The common symptoms of ulcerative colitis are similar to that of the other inflammatory bowel diseases, which is why it can be a bit confusing to diagnose. When consulting a doctor, it’s very important to be honest about your symptoms because the treatment plan that’s appropriate for you usually depends on this factor.
Talk to Your Doctor If You Experience Any of These Telltale Signs
The symptoms of ulcerative colitis occur when you enter the “flare-up” phase, and they usually lessen or disappear once the disease reaches a remission period. The usual warning signs of a flaring ulcerative colitis include:1
Tenesmus (an urge to move your bowels even if you’ve just emptied your colon)
It’s hard to predict when ulcerative colitis will flare. The symptoms that you may encounter from each flare-up may also change or worsen. Often times, these symptoms help determine how severe your ulcerative colitis is.
Ulcerative Colitis May Also Cause Symptoms Outside the Gastrointestinal (GI) Tract
Keep in mind that the symptoms of ulcerative colitis are not limited to the GI tract. This disease may also affect other parts of the body, particularly the skin and bones. Here are some of the extraintestinal symptoms that you should watch out for:2
Eye itchiness, redness and pain
Painful and swollen joints
Skin rashes, bumps and ulcerations
Clubbing of fingers
Understanding the Severity of Ulcerative Colitis Symptoms
If you’re diagnosed with ulcerative colitis, you should know how to determine the severity of your symptoms in order to treat this disease before it gets worse, or at least prevent fatal complications from occurring. Here are the classifications of its warning signs:3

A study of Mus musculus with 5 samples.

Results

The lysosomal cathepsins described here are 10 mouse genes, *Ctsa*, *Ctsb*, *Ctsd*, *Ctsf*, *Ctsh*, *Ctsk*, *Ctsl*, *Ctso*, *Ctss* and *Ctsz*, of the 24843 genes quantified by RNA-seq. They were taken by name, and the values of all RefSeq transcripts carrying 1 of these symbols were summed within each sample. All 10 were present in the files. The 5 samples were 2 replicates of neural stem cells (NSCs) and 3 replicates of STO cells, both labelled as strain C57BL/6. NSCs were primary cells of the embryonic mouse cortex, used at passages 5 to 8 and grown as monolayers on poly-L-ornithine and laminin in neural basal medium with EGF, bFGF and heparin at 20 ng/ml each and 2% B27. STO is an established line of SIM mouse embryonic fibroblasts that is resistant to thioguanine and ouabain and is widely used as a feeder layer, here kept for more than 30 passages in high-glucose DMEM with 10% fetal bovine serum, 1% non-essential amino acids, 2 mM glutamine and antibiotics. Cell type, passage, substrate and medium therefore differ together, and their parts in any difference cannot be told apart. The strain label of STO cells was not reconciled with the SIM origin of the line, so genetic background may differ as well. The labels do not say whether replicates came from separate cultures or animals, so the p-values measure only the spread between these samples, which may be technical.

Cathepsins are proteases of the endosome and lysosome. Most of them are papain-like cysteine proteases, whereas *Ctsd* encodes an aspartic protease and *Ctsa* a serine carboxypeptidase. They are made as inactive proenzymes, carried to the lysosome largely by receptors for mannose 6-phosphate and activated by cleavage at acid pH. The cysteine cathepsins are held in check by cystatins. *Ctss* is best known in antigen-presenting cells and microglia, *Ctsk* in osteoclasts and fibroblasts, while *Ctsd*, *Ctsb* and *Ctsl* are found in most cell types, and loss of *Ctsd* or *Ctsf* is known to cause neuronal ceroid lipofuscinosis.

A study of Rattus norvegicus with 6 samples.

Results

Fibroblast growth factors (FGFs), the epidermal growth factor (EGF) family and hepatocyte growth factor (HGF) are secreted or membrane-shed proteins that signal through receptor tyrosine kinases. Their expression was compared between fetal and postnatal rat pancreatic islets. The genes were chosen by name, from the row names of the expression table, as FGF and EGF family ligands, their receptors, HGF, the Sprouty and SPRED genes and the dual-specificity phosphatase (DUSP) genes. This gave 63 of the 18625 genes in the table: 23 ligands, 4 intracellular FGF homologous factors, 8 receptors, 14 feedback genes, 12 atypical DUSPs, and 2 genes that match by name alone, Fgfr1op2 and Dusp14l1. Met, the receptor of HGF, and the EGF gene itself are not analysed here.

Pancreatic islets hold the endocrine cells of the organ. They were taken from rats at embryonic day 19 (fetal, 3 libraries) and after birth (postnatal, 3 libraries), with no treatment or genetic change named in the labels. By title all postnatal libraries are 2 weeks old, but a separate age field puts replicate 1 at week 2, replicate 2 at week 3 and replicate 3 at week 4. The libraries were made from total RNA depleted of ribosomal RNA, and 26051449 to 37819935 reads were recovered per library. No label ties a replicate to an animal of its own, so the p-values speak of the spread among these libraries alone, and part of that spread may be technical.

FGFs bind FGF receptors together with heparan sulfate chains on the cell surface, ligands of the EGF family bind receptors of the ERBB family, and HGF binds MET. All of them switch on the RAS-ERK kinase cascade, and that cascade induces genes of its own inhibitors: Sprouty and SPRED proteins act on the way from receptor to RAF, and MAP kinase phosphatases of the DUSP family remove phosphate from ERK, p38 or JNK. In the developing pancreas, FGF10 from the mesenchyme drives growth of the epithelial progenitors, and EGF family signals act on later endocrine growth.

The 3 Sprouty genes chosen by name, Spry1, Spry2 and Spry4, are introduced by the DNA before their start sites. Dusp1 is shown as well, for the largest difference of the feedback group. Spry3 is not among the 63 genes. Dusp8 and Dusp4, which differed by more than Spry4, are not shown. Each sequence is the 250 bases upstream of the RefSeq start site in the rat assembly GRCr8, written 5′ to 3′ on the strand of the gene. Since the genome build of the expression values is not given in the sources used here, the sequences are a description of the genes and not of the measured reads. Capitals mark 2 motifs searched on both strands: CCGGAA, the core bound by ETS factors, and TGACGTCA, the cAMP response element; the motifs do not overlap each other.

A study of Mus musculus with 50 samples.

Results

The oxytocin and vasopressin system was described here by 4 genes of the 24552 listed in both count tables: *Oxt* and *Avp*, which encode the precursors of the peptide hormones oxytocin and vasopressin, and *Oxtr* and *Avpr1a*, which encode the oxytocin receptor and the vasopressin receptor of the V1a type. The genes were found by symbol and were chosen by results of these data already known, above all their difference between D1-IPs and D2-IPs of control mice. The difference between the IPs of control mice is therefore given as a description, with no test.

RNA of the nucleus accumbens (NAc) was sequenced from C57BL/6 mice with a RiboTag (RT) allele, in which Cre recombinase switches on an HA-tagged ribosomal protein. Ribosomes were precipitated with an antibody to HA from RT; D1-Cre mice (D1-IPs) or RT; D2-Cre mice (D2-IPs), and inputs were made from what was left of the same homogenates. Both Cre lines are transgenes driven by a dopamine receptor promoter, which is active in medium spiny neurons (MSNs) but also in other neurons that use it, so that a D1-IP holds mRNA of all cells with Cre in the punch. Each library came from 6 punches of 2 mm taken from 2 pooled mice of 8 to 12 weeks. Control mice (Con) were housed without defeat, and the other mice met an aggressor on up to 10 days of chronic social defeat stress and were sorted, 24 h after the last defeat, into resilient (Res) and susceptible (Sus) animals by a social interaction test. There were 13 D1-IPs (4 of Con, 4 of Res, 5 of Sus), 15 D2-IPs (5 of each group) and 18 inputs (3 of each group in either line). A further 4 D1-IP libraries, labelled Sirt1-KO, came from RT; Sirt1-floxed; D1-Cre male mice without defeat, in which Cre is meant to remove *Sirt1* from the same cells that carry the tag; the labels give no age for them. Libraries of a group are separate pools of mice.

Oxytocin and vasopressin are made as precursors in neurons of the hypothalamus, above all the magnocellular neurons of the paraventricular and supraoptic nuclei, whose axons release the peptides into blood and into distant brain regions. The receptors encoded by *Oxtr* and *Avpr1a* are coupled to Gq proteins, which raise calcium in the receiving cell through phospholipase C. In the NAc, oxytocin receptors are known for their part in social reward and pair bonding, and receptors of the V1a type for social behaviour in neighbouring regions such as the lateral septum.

- Mild: People who are suffering from mild ulcerative colitis symptoms usually release bloody loose stools less than four times per day and experience mild abdominal pain.
- Moderate: Moderate symptoms include four to six loose bowel movements per day, which is also accompanied by bloody rectal discharge, moderate abdominal pain and anemia.
- Severe: Those who are experiencing severe ulcerative colitis symptoms release loose stools more than six times a day. This is accompanied by rectal bleeding, fever, anemia and increased heart rate.
- Fulminant: Fulminant symptoms include abdominal tenderness, more than 10 loose bowel movements per day, constant rectal bleeding, fever, anemia and rapid heartbeat.
Ulcerative colitis may also lead to other complications that require urgent medical attention. These complications include enlargement of the colon (also known as toxic megacolon) and holes on the intestinal wall.4 Some people with ulcerative colitis develop serious conditions outside the GI tract as well, including kidney stones, bone diseases and even liver disorders.
Mortality in Ulcerative Colitis
According to studies, the mortality risk for ulcerative colitis patients is 1.7 times higher than that of the general population.5 However, this is not due to ulcerative colitis itself. Rather, these deaths are caused by the complications brought about by this disease.
For instance, patients who are suffering from extensive inflammation are at a higher risk of dying from fatal gastrointestinal and lung diseases.6 This is exactly why it’s important that you diagnose and treat this disease the moment that you observe its symptoms from your body.